Phlebotomists Are Needed Everywhere

There will be blood work.

A lot of secrets are hidden in the blood. From blood type to potential diseases, a blood test is a critical method of exposing information for patients. To unlock this bank of data, a phlebotomist is needed.

Phlebotomists are responsible for withdrawing, testing, and trasnporting blood. “Phlebotomy” may not have been a word you’ve heard before, but the job is a crucial one in the field of healthcare.

This healthcare occupation is one of the few versatile positions available to med students. Phlebotomists have the option to work either part-time or full, and they’re need virtually everywhere thanks to the nature of their work.

That said, not everyone is cut out to be a phlebotomist. They face loads of risk factors daily, such as getting pricked with a dirty needle. Plus, people are known to faint at the sight of blood, and sometimes you don’t know you’re one of them until you wake up on the floor.

Nevertheless, those willing to brave the dangers have the option of working almost anywhere.

On average, it takes less than a year to become a phlebotomist. Some locations, though, do require certification which can extend the process beyond a year.

Mobile Positions

Since phlebotomy equipment is lightweight, phlebotomists can even work as freelancers. This allows them to get hired by various organizations to withdraw blood as needed. Some examples include being a housecall professional or working for the Red Cross.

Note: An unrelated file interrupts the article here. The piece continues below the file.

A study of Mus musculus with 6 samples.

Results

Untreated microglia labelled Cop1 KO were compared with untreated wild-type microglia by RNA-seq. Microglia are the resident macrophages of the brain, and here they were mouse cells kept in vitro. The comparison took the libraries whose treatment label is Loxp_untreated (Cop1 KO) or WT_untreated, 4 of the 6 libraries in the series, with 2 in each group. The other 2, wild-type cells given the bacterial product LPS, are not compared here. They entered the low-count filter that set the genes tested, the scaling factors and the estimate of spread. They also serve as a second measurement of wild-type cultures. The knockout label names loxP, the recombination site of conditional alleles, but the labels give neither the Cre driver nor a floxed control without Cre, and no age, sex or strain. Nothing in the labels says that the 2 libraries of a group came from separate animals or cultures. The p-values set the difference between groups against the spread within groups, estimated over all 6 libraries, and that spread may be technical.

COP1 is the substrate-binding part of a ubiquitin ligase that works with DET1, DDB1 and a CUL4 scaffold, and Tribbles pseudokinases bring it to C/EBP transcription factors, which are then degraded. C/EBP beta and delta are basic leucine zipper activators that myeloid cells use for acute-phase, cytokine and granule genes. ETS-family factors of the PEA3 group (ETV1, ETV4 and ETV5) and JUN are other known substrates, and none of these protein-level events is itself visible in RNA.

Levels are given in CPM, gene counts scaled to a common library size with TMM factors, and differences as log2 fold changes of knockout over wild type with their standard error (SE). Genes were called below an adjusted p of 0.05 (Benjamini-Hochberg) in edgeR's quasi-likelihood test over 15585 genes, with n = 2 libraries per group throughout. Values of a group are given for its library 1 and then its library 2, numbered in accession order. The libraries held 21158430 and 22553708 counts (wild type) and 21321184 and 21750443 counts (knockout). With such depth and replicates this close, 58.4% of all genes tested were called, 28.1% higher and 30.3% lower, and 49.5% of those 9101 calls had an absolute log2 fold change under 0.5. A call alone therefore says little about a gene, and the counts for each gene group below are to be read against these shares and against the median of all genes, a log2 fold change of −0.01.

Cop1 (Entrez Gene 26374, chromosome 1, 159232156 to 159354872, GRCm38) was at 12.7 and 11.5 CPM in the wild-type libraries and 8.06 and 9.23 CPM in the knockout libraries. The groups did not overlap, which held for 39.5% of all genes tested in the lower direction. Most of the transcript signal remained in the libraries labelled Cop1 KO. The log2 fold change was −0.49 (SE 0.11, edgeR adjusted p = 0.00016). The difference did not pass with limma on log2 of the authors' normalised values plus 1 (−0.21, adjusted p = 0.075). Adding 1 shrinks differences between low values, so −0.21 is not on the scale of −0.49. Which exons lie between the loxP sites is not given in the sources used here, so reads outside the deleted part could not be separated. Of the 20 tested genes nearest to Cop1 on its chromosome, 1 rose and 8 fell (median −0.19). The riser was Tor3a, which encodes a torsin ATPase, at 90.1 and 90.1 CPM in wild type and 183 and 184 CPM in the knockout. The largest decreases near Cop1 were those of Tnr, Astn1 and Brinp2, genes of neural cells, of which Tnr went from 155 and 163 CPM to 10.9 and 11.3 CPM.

The American Red Cross always has a need for phlebotomists, and many do volunteer work during blood drives. These volunteers ensure our blood banks are at a healthy level and participate in helping disaster-stricken areas.

Beyond Hospitals

As we age, people require more frequent blood tests to help doctors stay up-to-date with the body. To assist with this process, phlebotomists are often employed at nursing homes and VA Clinics.

Although these areas are slightly different than a hospital setting, the general profession is the same. Withdraw blood, label samples properly, transport to the lab for testing. There is one major difference between working at a nursing home and a VA Clinic: Pay.

VA Clinics provide veterans medical care at a steep discount. This can result in a heavy reliance on volunteer work. However, at larger locations they may hire a full-time phlebotomist due to the high demand for blood work.

Hospitals, Private Practices, and Emergency Clinics

In contrast to freelancing, busy hospitals provide phlebotomists with consistent work and a steady paycheck. These fast-paced jobs usually require phlebotomists to be on the move constantly – always on their feet and on the move.

In addition, hospitals and emergency clinics tend to see a lot of people after they’ve had an accident. As a result phlebotomists see and withdraw blood from, severely-injured patients almost daily. This is something to consider for aspiring phlebotomists when deciding where to work.

If seeing loads of trauma patients consistently turns out to be too much, consider working at a private practice. These locations usually see fewer patients and those that do arrive are less likely to be in a critical situation.